Imagine, if you will, a dangerous feature of architecture that is causing serious injury and death, but is being protected from alteration because it is considered historical.
Across the nation, but more importantly right here in Western New York, deer have been getting impaled on or eviscerated by wrought iron fences that commonly surround cemeteries.
Many deer have been found hanging from the fences at Williamsville Cemetery in Williamsville, N.Y. and Forest Lawn Cemetery in Buffalo. The problem arises because these fences are short enough – four-and-a-half feet tall – that deer think they can jump over them, but tall enough that many do not quite make it. Since these fences are then tipped with six-to-seven-inch spikes, the deer don't really stand a chance.
What makes this matter worse is that while the solution is relatively simple, preservationists have decided that it would alter the historic value of these spikes.
The most probable solution is really just angle-iron cappings that would cover the spikes and make them less likely to cause injury. The cost of this fix was quoted in 2005 at $6,800 for the whole perimeter, which is much cheaper than raising or lowering the overall height of the fence.
"If you ever saw these fences up close, you could see the harm they can do," said Morgan Jamie Dunbar, the founder and organizer of Animal Allies of Western New York. "This fence is so low that it would only take somebody tripping to do serious damage."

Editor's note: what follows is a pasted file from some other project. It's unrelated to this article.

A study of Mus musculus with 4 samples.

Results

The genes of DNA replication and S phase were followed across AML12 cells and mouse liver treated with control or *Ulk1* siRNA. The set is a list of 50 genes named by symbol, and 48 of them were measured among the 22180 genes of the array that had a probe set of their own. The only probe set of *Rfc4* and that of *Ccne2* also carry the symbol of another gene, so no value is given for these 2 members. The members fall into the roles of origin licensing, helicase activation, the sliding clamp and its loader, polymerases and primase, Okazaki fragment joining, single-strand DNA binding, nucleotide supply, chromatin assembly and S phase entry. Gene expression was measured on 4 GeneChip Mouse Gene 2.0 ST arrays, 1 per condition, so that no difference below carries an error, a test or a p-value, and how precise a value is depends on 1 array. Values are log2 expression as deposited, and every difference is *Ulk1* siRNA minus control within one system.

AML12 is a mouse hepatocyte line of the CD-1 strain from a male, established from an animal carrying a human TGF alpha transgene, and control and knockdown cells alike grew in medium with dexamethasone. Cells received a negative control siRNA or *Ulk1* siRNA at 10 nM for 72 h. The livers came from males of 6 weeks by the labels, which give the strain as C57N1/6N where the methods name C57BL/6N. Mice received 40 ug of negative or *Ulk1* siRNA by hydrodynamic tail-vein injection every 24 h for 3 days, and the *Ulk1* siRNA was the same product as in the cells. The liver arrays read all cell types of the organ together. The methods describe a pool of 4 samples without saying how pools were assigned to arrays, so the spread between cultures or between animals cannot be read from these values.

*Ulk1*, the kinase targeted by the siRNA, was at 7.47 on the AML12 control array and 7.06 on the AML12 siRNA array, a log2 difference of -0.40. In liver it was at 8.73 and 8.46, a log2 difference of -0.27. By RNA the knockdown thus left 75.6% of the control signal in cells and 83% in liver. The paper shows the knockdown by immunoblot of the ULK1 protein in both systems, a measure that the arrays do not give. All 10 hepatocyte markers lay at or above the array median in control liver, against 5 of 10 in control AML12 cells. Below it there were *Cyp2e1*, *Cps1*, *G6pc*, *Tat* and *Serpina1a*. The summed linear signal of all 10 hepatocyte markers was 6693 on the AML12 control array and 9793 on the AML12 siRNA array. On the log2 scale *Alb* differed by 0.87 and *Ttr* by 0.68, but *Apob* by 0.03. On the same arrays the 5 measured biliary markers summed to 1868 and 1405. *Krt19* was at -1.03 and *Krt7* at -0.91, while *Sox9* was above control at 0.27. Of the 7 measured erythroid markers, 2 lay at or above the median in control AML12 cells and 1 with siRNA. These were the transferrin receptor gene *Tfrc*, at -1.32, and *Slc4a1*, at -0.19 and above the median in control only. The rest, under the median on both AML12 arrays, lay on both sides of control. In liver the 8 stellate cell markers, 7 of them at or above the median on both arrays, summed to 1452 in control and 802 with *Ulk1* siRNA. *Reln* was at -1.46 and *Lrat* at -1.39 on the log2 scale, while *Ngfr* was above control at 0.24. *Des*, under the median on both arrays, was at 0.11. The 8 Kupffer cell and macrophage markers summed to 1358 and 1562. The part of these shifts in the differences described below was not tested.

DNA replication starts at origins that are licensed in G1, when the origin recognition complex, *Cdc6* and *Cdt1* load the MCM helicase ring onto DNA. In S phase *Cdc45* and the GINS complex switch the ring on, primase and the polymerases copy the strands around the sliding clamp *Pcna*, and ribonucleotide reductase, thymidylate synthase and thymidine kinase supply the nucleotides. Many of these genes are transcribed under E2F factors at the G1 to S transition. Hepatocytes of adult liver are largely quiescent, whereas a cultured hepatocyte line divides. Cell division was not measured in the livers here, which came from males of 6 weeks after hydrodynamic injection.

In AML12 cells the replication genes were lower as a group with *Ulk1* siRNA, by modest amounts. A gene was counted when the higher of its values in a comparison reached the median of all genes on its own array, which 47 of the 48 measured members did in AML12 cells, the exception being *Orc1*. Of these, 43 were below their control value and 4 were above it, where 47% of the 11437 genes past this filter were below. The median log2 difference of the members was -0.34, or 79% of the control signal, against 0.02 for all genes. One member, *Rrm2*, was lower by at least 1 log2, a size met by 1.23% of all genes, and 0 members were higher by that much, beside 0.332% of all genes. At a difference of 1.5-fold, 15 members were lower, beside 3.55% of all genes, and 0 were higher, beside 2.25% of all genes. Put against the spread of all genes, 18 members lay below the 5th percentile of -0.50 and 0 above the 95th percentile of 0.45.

Dunbar is joined in her fight by animal rights activists, hunters who believe that the way these deer die is too cruel, and residents who live near the fence who are tired of hearing the death-screams of injured deer.
Rampant saving of relics that really do not deserve to be saved is not new here. Just a couple years ago, a building that happened to have held a speakeasy in the '20s partially collapsed into the street. When the city wanted to continue the demolition of this abandoned building, preservationists stepped in to block it despite the fact that none of them wanted to pay for restoration.
There are many historical buildings and structures around town that are literally falling apart from lack of care. While I agree that some things from Buffalo's past deserve to be preserved, like the Darwin-Martin House, I also accept that others need to be torn down or at least made safe to make room for Buffalo's future.
To add fuel to the fire in Williamsville, the mayor of the village also happens to be the chair of the preservation society. When it comes to an issue like this, all I can think of is conflict of interest.
A possible outcome to this issue in Williamsville, provided that the preservationists are voted down, is that the problems can be fixed in Forest Lawn. This may even induce a spasm of reality checks that will result in actual progress in Buffalo. I may be dreaming, but I'm not the only one.
If you want to take a stand for life, plain-old decency, and/or practicality, there is a town hall meeting in Williamsville on March 22 at 7 p.m. There is also a Facebook page regarding the event.